Why Arsenal can afford to lose Alexis Sanchez for nothing next summer

As Arsene Wenger’s public resolve to keep Alexis Sanchez this summer has grown, talk of him staying beyond 2018 seems to have diminished. It seems there is a growing acceptance at Arsenal that even if Alexis stays, he will walk away from the club for nothing next summer. So be it—the way football is going, Arsenal need revenue from transfers less than ever.

Despite what Wenger might have said publicly, it’s far from “ideal” for Alexis’ contract to be so close to expiry. Arsenal have become victims of the uncertainty over Wenger’s own contract situation—as long as the manager’s future was in doubt, players had an excellent excuse for delaying negotiations. However, it’s not the disaster it’s been painted as elsewhere, especially from a financial point of view.

There was a time when Arsenal’s revenue was largely influenced by player sales. They had debts to meet in order to pay for the Emirates Stadium, and it seemed as if one major star would be sold off every summer to help them balance the books.

That’s no longer necessary. Much of that debt has been lifted, and Arsenal are now propped up by huge commercial deals with Emirates and Puma. The club can afford to spend £100 million or more in any given summer without suffering significant strain.

The same is true for most Premier League clubs. In fact, that idea of weighing up acquisitions against players sells (or ‘selling to buy’) has become somewhat antiquated. There is widespread consternation at Tottenham’s transfer policy—one surely informed by the fact they too are now having to build a new ground.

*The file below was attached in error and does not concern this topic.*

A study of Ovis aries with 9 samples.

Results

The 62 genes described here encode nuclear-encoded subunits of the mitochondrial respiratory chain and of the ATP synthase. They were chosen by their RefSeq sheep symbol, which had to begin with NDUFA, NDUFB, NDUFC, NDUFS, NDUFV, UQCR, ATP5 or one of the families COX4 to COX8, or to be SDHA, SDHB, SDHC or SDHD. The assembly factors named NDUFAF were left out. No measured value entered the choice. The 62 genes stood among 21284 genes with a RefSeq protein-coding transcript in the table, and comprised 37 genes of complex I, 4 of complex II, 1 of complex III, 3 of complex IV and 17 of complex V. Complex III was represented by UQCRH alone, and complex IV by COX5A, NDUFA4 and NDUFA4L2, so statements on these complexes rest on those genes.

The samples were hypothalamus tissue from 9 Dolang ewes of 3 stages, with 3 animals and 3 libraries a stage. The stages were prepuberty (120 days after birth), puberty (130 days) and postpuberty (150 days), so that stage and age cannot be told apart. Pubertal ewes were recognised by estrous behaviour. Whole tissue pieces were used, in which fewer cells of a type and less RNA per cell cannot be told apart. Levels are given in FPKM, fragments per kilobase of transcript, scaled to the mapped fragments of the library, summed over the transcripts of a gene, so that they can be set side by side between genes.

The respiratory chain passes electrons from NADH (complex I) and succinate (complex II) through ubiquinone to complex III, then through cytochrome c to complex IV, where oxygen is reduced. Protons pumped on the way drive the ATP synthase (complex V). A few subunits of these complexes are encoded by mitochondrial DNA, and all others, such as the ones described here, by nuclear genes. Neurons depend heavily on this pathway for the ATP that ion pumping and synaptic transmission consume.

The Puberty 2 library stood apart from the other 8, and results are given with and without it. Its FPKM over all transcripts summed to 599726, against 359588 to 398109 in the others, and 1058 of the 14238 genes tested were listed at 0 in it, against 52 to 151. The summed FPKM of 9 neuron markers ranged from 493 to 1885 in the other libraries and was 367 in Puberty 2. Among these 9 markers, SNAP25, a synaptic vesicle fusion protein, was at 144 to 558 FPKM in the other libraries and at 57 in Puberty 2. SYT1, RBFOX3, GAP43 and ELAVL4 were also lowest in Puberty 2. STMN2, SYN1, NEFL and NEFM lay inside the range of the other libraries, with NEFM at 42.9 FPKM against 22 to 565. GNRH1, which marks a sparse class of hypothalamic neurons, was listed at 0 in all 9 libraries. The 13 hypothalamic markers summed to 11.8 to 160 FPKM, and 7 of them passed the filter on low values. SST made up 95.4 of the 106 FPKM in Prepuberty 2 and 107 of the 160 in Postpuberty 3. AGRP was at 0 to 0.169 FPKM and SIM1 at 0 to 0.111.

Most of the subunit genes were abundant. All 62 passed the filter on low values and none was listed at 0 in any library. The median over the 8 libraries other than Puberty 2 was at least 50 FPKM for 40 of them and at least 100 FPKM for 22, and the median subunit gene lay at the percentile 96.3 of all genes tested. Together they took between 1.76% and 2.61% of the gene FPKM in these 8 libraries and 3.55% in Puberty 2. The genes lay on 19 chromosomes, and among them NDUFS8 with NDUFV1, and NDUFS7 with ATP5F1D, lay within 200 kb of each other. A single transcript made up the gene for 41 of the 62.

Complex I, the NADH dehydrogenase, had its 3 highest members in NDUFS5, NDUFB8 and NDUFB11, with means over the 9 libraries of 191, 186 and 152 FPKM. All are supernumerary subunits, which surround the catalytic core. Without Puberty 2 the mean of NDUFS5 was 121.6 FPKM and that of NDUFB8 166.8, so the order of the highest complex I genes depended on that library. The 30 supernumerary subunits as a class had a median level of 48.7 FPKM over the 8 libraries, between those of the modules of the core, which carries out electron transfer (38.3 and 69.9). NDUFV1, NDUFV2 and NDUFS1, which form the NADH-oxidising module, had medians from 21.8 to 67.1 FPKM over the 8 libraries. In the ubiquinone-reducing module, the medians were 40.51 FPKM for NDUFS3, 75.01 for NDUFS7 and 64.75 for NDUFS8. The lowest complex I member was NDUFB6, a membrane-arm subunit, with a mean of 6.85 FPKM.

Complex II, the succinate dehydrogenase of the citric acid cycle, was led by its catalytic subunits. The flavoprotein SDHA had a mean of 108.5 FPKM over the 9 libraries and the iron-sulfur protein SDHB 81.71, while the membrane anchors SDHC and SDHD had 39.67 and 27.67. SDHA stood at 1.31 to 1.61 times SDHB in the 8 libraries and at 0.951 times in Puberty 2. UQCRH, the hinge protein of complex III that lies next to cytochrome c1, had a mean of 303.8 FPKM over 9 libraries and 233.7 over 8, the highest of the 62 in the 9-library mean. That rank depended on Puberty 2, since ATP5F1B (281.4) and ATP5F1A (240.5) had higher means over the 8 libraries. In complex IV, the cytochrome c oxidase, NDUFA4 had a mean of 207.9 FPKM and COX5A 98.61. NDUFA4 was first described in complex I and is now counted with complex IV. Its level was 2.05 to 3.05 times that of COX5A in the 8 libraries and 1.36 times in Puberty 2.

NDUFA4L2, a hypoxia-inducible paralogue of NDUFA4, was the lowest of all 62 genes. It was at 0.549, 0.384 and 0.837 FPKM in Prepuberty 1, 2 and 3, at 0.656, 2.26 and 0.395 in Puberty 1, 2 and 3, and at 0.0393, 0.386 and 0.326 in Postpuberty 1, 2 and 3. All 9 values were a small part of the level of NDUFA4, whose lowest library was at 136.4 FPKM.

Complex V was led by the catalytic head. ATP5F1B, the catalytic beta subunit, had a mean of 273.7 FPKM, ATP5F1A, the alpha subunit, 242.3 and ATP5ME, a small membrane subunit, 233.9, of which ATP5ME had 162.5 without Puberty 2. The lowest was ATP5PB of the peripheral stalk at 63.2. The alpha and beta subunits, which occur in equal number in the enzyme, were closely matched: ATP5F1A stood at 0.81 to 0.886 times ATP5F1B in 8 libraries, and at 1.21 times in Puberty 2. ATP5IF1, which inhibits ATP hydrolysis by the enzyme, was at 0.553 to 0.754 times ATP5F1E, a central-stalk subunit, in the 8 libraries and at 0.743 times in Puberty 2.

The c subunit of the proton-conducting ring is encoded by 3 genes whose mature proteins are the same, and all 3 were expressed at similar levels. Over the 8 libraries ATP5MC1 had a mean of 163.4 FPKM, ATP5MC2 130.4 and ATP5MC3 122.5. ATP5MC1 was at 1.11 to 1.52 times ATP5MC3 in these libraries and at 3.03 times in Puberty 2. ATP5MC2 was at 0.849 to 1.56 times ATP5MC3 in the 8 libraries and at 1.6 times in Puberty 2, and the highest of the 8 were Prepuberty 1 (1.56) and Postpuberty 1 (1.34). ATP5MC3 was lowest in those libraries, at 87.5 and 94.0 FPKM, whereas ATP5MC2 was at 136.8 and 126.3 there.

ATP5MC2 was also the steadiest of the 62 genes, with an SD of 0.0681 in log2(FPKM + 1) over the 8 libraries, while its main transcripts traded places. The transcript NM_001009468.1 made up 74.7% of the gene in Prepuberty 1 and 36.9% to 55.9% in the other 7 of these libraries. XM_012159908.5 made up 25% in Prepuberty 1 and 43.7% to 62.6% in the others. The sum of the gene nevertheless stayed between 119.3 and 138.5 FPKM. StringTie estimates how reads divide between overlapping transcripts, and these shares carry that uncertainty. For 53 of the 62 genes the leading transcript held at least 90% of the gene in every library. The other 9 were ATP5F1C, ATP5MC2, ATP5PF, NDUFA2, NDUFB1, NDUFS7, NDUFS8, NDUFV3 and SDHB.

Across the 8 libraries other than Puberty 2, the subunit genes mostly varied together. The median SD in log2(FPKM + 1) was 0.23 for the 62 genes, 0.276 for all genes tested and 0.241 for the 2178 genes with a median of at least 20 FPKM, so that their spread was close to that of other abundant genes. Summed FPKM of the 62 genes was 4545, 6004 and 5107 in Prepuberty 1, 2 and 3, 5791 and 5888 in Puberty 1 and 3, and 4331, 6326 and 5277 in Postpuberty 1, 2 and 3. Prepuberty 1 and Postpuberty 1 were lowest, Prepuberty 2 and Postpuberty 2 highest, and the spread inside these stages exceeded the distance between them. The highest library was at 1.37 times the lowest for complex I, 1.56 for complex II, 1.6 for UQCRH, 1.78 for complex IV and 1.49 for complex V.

The second thing for Arsenal to consider is: what is Alexis really worth to them? Fees for certain players might be rising higher than ever—the £198 million buyout for Neymar effectively doubles the existing transfer record—and yet arguably the value and significance of transfer fees is decreasing.

Speaking about the Neymar deal specifically, Wenger said: “You don’t look at the numbers in their absolute value any more. It was already out of context of society so, after, it just becomes a bit extra. You cannot calculate what it brings in anymore. It’s just a number.”

“Today, a player is worth what the club can afford to spend and I would say that the price of a player depends on the identity of the buyer. You cannot put it in the context of the market. It is the financial potential of the buyer that decides the price of the player.”

Wenger is right. No real sense of equitable value exists in the market anymore. Arsenal know that better than anyone. We live in a world where Wojciech Szczesny costs half the price of Jordan Pickford, or where Sampdoria value Jack Wilshere at £6 million while Swansea reject £40 million bids for Gylfi Sigurdsson. The balance between a player’s ability and his financial worth seems irrevocably broken.

In a world where “a player is worth what the club can afford to spend”, Alexis is certainly worth a £50 million hit to Arsenal. With the market so treacherous, Alexis is as close as it gets to a sure thing. If he performs anything like he did in 2016/17, when he racked up 30 goals and a further 15 assists, he’ll have comfortably delivered a £50 million campaign.

Wenger insists that with fees spiralling, players and club will soon look to use the Bosman market as a workaround more frequently. That may be true, but Arsenal fans could be forgiven for wondering why their club must be the guinea pig in this particular experiment. 

However, Wenger’s plain speaking about the Alexis situation shows that it is a relatively straightforward one for Arsenal this summer. The team need the player, and the club can afford to write off any realistic sum they would receive for him. Even if it’s only for this season, Alexis has to stay.